But export of gas from the Eastern Mediterranean is a particularly thorny area.
The region has seen significant resources discovered in the past decade, such as Tamar and Leviathan in Israel, Aphrodite in Cyprus and Zohr in Egypt, but there are multiple conflicting demands and pressures. They count among them the need to supply the local market, uncertainly over the capacity of existing infrastructure, regional political constraints and, finally, the need to accommodate future exploration discoveries.
So, what is the business case for the EastMed pipeline?
Justifications include the ability to off-take and supply gas at multiple locations along the line, energy security and a geopolitical desire to tie together countries in mutually beneficial projects. No wonder the EU is interested in its becoming reality.
Why not LNG?
Capital costs will remain a big driver – and the potential to utilise spare capacity in existing LNG facilities in Egypt, assuming political and commerical issues can be overcome, creates a significant advantage for LNG.
In addition, the costs of mega-projects have a habit of increasing and there are some tough issues around all intergovernmental agreements – the division of costs, revenues and tax receipts/reliefs to be negotiated. Undoubtedly, this would be a mammoth task for the region to overcome.
With all this in mind, it is not surprising that grand pipeline schemes often don’t get built. Examples of pipeline plans that have not come to fruition – and it’s doubtful they ever will – include the Iran-Iraq-Syria gas pipeline and the Basra-Aqaba line. As Amani Al-Azzam, secretary general of Jordan’s energy ministry, said in an LNG Business Review interview in January, “political relations sometimes affect the pipeline process”.
There are exceptions, of course.
A system in the region that did get built as planned was the Baku-Tbilisi-Ceyhan (BCT) oil pipeline – a good example of a pipeline driven by politics and security of supply.
BCT was competing with proposed expansion projects and thus was difficult to negotiate and expensive, but is now an important fixture in global oil infrastructure.
There are also examples of pipelines successfully operating in parallel with other offtake routes – for example, the long history of concurrent operation of LNG and gas pipelines from Algeria. LNG provides access to a greater range of markets and the volumes of gas in Algeria were sufficient to force a diversification of outlets.
There is possibility that the EastMed pipeline will operate in parallel with other export/import routes. Israel is already planning to export gas to Jordan and supplying gas for LNG outside of Israel may resurface.
The pipelines from Egypt to Israel and Jordan, and on from Jordan to Syria, are an interesting case study of infrastructure where the role has evolved.
Originally intended to provide a link for exporting Egyptian gas, the system has been sabotaged so many times, it can be discounted as a reliable source of supply.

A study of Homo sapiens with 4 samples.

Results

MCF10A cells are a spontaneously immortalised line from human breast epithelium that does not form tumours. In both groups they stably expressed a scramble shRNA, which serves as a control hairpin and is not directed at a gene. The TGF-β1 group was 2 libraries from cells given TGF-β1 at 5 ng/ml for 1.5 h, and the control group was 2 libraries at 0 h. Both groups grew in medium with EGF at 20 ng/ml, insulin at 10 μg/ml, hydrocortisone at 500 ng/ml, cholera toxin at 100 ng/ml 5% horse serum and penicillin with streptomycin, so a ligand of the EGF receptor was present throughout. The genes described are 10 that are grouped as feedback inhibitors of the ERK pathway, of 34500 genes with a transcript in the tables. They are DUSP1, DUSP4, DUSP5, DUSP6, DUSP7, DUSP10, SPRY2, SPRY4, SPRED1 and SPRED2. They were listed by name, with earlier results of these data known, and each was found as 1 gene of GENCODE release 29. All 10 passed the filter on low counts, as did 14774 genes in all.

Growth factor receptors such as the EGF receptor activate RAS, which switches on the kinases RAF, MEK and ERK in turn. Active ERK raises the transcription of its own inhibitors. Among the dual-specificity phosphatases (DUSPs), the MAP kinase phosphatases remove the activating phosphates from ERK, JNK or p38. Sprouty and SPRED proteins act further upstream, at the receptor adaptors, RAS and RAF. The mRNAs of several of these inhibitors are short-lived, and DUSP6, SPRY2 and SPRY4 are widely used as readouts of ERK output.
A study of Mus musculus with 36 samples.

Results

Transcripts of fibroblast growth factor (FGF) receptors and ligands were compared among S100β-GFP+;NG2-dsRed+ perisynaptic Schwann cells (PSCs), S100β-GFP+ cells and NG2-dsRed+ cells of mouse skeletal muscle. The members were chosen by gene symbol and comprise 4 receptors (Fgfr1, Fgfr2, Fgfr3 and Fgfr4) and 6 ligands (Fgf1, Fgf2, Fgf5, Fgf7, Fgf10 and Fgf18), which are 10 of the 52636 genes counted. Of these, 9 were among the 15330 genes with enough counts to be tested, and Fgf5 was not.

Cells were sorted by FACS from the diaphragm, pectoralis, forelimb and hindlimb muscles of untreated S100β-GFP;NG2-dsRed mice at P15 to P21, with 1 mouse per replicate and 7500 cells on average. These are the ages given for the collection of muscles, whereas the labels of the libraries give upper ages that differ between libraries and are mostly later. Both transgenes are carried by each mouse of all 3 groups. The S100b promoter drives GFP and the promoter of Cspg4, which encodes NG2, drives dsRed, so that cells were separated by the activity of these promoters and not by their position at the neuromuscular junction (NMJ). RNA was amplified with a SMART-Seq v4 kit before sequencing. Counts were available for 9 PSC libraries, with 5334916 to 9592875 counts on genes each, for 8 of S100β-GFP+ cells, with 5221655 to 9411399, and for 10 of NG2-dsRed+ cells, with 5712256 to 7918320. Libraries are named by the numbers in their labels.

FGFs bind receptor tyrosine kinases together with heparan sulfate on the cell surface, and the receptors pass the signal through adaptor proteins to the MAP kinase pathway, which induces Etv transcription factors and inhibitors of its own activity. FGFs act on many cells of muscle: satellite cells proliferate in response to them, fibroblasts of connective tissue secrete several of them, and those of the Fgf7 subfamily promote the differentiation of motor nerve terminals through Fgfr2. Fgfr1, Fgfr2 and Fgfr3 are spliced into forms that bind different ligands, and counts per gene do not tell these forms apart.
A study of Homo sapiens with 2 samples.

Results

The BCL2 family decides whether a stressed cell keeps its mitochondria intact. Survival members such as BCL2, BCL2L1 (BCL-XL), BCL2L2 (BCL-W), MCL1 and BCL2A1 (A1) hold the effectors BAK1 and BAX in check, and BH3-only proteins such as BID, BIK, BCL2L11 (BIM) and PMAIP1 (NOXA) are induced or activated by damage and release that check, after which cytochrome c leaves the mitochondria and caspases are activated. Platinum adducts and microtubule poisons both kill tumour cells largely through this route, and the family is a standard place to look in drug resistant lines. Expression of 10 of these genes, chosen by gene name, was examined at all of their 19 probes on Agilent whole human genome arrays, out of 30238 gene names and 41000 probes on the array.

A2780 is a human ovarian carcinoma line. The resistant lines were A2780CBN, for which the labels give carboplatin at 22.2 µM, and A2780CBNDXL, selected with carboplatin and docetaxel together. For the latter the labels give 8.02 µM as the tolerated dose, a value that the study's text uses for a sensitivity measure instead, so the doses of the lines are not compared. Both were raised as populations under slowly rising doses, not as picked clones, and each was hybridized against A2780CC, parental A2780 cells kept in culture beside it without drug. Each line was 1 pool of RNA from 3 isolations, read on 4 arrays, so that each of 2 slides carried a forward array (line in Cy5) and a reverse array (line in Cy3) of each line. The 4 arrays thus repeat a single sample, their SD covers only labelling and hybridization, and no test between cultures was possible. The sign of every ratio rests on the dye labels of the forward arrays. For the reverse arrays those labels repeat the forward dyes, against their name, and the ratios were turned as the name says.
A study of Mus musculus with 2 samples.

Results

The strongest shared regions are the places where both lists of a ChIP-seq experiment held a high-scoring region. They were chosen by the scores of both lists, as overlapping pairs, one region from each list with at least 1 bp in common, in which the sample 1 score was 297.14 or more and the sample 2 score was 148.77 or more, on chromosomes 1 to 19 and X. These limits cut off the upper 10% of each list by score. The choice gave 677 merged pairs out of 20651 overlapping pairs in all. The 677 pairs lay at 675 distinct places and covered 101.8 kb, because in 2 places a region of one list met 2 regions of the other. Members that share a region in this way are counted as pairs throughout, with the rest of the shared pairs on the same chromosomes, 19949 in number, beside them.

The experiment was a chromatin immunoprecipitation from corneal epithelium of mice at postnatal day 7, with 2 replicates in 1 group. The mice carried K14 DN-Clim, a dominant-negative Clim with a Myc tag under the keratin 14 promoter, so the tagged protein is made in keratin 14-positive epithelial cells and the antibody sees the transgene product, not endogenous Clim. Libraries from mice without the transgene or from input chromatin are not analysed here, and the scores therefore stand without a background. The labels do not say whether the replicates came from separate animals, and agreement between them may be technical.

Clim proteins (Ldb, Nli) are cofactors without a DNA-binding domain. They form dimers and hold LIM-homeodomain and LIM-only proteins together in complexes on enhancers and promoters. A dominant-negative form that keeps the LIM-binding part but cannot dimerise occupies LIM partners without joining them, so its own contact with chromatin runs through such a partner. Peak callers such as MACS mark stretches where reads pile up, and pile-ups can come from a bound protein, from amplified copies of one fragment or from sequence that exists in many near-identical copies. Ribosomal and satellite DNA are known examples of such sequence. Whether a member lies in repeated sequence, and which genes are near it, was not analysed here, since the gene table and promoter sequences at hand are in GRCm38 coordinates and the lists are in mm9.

After a period being empty, the Jordan leg is now the route for regasified LNG from Aqaba, and proving to be a valuable piece of infrastructure.
The encouragement here is that pipelines may have an additional value attached, which alternative infrastructure does not.
Pipelines can have particularly long lives if carefully operated. Discounted cash flow techniques diminish this value, but companies sitting on fully-depreciated assets that are still delivering a steady and low risk revenue stream understand these benefits.
The Middle East is littered with defunct pipelines: the best will in the world will not bring the Kirkuk to Haifa line back to life, and its eerie pump-stations deep in the Jordanian desert are like 20th century ghost towns.
But back to economics.
With pipelines, politics can hinder your development and only help you so far. The question is whether there the prospect of sufficient gas to underpin a 12-15 Bcm line across the Mediterranean at a competitive price?
Probably not yet. Or at least not enough to keep the line full for a significant proportion of its operating life.
The Domestic Market Obligation in Israel – a substantial 60% – may also stand in the way, although the Leviathan partners have procured additional export permits in the sale of other gas assets.
The budding wild card is Cyprus, with potential multiple Zohr like discoveries lying it its waters, and if political considerations can be overcome, there may be a large supply of gas.
It would be a bold investment to commit to a pipeline without this additional exploration success, but that may come quickly. As has been shown by Zohr, rapid development may follow.
Ultimately, whether the EastMed pipeline materialises will not be decided by pure economics, but alongside the politics of this ancient region. And it may take a long time to pay back, but pipelines do have a habit of having a twist at the end of their tale.